Tuesday, January 15, 2008

Blocking web analytics solutions?

Adam asked this very interesting question on the Yahoo! Web Analytics forum: "I have a client that claims that visitors are able to block all of the Omniture tags on their site. Is this possible? I'm not referring to cookies, rather the entire functionality. Has anyone else ever heard of this? If so, how can a visitor do this or what apps can cause the Omniture tags from firing off."

I see many ways this could be done with various levels of efficiency, and this is true of any tag-based solution, be it web analytics, ad networks or even widgets such as Feedburner subscribers count and many others. Some people have already highlighted a couple of ways. Here's some more info:
  • Disabling Javascript: mostly unrealistic, this would render the web almost unusable. I don't believe a large portion of users would do that, other than privacy idealists who would pay everything cash to avoid being tracked by credit card companies...
  • Disabling 3rd party cookie: obvious and easy, and that's why it's so important to use 1st party cookies, or at least what is called "friendly 3rd party cookies"!
  • Antivirus/antispyware/ad blockers: also obvious and mostly the same thing as disabling 3rd party cookies because those tools will look at the 2o7.net used by Omniture (or whatever tool)... again, use 1st party cookies!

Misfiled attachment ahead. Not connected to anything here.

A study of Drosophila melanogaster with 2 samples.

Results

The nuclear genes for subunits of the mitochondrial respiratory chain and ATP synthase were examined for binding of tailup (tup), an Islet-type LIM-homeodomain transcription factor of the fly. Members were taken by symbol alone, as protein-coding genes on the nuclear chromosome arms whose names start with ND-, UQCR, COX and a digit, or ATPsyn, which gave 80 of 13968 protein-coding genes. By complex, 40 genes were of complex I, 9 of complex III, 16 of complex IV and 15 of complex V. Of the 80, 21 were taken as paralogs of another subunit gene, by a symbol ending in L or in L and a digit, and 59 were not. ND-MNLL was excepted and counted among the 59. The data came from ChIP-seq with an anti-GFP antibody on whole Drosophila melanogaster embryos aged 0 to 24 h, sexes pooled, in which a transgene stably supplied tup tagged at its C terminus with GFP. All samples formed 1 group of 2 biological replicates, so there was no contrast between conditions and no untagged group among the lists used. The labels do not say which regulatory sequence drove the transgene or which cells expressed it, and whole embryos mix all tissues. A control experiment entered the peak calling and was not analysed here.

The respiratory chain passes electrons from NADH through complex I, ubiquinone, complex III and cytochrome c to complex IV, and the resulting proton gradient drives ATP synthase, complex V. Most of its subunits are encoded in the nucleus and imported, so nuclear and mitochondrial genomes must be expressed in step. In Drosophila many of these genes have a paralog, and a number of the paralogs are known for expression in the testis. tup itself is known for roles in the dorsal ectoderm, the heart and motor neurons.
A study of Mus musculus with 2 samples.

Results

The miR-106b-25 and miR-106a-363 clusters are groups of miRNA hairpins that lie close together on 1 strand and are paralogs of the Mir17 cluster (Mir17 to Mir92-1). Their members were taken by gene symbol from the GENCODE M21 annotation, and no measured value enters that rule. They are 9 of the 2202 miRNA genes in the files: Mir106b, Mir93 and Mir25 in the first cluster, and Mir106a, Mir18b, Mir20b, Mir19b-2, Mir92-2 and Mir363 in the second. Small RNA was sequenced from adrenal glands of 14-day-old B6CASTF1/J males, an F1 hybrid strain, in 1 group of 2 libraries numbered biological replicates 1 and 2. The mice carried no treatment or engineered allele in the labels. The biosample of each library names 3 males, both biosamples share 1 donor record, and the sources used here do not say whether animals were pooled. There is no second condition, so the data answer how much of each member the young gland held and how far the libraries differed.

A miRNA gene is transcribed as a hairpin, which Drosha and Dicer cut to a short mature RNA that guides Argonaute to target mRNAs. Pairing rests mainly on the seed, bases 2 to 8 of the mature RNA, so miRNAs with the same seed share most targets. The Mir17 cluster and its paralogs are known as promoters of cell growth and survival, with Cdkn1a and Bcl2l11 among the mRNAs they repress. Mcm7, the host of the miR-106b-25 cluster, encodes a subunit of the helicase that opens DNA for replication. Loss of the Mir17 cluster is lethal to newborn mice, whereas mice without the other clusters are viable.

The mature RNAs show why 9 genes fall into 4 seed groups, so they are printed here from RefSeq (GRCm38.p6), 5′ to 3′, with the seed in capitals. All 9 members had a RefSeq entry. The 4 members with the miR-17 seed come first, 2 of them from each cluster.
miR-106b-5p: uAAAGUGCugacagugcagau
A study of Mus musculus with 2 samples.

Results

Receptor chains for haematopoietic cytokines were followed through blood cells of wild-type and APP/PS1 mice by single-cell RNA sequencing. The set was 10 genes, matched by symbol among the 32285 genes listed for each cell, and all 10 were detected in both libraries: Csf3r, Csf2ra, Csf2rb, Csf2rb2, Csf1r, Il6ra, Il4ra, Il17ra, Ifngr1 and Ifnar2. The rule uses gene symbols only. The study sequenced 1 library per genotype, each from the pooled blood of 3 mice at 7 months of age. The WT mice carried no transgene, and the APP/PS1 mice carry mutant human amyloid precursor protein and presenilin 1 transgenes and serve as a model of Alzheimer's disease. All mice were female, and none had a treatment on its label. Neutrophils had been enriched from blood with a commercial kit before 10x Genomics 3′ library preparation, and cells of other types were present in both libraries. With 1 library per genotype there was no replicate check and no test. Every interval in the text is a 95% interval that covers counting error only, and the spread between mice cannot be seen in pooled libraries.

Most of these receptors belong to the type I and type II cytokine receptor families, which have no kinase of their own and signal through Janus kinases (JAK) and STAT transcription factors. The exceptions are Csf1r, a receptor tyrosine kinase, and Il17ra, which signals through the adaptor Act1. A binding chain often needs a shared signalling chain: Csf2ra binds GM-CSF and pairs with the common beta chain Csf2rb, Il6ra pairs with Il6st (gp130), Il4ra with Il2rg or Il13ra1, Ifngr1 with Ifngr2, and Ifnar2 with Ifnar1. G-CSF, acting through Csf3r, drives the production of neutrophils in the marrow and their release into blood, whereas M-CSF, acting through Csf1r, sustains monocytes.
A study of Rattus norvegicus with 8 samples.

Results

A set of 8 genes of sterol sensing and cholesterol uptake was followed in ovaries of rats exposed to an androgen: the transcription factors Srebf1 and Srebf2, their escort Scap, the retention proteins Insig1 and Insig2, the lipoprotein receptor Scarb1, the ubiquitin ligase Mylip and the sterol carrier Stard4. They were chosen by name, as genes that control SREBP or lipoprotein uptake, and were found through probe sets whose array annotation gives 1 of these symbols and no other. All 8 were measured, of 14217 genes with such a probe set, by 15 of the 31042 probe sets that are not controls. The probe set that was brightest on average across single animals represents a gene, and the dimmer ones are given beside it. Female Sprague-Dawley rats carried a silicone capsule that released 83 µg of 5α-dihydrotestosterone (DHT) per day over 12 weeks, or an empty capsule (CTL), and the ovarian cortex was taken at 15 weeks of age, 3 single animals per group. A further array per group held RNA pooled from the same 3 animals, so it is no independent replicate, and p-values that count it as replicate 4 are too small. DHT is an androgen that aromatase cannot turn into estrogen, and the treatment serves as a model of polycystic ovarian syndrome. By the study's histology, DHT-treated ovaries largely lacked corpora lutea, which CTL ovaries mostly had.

• Special browser extensions: most of them use simple URL and cookie detection... again, use 1st party cookie. More advanced ones might look at the presence of a specific Javascript object and substitute the function by a stub one... This is probably the most effective and advanced way of doing it. Doing this with Greasemonkey would be very easy.
Which brings an interesting point... while developing WASP I thought about adding an option to block specific tags/solutions. In some cases it would make sense for WA analysts and for implementation quality assurance. I decided not to do it because this would have made WASP the best anti-web-analytics tool on the market! I think education is better than this!

But then again, although 3rd party cookie blocking is easy, it's still not pandemic and there are "clean" ways to work around it (and I'm not talking about exploiting Flash Local Shared Objects to bypass cookie security!). I think cookie deletion is a much wider problem and it might have more impact on our analysis capabilities. Totally blocking a specific web analytics, yes, but would it be statistically significant? Surely not.